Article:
Women Veterans: Your opinion should matter and you should be taken seriously in and out of the military.
Recently, I have had more female veterans reaching out for assistance in their career search. Come transition, they are finding that their voices are not heard or understood as much as they assumed they would be. Female veterans returning home find themselves lessening their standards in order to “fit in,” which is exactly the wrong message corporate should be sending to these ladies and the rest of their organization. I am extremely hard on women who come from the service because I feel like they should have respect for themselves and not ever settle for less.
Sheryl Sandberg’s book “Lean in” is extremely applicable for female military who transition into the civilian work force. Due to media scrutiny in this day and age, military women often come from an environment where their voice did matter, and suddenly they are finding that it isn’t valued in corporate as much as it was within the military walls. Women should hold their ground and not lose the aspects that have made them leaders. The corporate world is fortunate to have them NOT because they are a female who fits a hiring check mark, but because they have had to work that much harder in the service to perfect their skills in communication, efficiency and tact. Military officers and enlisted alike should use their innate and trained skills as a catalyst to improve their experience in the civilian work environment. Civilian employers should respect those skills.
All the work it has taken to allow women into the service has actually created a safer environment, to a degree, within the military walls than outside in corporate. The repercussions for not following an order or listening to mission suggestions could mean someone’s life is on the line. The rules and regulations and equal playing fields have made it so a woman’s voice is either heard/held in equal weight or the mission may not be accomplished. Due to the physical nature, women will not ever be able to fully accomplish what male members can in the service, but I will say that personally, I have felt that I have had to prove myself more on the outside than I did in the service. In the service, once I earned my respect in one situation, I used that to help me navigate future leadership issues and practice how to programatically prove why I needed to execute on the mission at hand. It was challenging to be taken seriously as a young female officer who liked to smile, but by the time I was 22 with 120 fuels men underneath me I was tested to the utmost on how to be ME as a female but be a leader (who wasn’t afraid to get her hands dirty) that the men listened to. Once I left the service, I had to prove myself all over again due to the lack of understanding in the civilian world where I came from. I was proving myself as a professional and having to explain/justify what I went through in the service to shape me as a leader. I didn’t push papers for a living!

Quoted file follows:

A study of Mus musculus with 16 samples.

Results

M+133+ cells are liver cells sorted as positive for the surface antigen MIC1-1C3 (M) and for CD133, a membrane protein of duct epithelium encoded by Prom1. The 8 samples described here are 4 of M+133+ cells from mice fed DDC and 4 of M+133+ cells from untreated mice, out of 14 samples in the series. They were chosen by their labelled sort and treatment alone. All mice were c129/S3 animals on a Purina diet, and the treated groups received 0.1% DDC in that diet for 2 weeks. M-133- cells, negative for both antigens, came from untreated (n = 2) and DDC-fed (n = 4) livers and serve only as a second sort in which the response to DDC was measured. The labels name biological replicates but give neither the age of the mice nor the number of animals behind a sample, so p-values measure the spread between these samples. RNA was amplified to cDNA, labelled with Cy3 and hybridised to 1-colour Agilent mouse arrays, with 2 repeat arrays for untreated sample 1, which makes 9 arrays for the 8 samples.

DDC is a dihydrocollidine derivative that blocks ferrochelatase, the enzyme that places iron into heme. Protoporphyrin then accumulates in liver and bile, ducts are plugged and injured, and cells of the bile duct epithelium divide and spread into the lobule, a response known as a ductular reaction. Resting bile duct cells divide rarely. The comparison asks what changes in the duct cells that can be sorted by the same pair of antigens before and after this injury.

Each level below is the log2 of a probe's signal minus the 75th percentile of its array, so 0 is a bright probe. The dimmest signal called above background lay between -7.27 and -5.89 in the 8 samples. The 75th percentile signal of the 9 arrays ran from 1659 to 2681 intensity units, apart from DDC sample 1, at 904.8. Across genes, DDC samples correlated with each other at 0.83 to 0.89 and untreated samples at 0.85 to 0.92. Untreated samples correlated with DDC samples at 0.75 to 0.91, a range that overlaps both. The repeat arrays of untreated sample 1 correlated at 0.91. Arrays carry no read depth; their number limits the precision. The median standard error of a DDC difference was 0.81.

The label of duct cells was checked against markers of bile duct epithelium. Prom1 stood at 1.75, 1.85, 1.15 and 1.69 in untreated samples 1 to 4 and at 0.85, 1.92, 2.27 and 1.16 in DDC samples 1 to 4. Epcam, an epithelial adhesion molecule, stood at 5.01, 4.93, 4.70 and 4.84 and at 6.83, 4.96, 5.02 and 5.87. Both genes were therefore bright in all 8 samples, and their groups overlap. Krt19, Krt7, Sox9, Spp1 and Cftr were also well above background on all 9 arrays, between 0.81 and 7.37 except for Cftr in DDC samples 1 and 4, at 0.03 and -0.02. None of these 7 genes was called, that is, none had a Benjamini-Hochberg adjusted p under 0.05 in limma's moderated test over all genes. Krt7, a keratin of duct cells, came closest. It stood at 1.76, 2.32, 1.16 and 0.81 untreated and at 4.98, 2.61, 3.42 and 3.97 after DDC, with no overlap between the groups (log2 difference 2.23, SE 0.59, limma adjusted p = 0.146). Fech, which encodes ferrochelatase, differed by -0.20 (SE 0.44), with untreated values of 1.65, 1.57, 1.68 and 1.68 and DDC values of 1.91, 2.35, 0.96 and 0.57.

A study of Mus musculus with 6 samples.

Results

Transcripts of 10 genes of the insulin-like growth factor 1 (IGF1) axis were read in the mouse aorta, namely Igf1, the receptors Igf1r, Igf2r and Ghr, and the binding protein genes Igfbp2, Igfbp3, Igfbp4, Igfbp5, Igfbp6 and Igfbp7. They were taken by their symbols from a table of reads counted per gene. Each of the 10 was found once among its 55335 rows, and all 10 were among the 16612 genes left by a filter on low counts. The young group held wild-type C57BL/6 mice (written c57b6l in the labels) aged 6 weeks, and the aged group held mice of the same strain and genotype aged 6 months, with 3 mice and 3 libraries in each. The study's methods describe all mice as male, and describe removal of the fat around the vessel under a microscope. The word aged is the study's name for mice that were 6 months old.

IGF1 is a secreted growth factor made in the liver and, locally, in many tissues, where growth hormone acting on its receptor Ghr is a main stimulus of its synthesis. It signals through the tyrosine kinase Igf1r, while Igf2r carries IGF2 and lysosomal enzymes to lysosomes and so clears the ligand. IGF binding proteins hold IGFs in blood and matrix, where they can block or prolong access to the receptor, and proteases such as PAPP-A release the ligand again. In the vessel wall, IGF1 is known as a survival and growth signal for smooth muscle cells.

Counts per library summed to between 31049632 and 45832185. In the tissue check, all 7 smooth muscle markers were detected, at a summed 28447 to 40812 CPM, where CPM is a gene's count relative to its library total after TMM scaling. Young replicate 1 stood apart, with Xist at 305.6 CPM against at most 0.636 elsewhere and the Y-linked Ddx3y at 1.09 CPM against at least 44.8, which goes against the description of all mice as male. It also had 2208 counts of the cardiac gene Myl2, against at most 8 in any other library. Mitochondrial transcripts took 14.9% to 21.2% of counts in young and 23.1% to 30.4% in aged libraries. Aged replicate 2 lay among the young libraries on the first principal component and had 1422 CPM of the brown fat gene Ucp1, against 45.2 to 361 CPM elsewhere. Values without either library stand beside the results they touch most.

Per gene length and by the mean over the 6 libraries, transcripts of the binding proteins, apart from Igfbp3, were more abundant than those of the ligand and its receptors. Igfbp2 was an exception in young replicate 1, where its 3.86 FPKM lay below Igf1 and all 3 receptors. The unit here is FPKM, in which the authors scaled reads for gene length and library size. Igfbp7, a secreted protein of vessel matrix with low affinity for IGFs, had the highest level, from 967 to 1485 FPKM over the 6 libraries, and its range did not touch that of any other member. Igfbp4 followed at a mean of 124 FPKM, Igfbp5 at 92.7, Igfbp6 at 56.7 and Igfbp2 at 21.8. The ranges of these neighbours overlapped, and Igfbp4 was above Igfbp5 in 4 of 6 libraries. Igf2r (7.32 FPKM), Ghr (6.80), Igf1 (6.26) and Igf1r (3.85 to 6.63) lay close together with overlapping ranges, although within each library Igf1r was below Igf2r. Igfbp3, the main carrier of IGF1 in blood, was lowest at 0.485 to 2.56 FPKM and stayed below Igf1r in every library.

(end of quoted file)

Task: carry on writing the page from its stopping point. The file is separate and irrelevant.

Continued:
I find myself often offering words of mentorship or wisdom to female military members/veterans on how to properly hold themselves in a professional nature (in interviews, in the workplace, in day-to-day life). Someone is always watching! I tell them to live by the mantra of “no excuses” for anything less than poise, sophistication and being taken seriously. Having a distinctive personality is encouraged, but keeping tact and integrity is extremely important if one ever desires to be viewed in a professional nature. There should not be a negative stereotype of a “military female” any longer.
Female military members should hold themselves to a higher standard than others: they are leaders of this nation who are resilient, intelligent and have experiences that merit a voice to be heard. They should know how to work WITH people, FOR People and to LEAD people.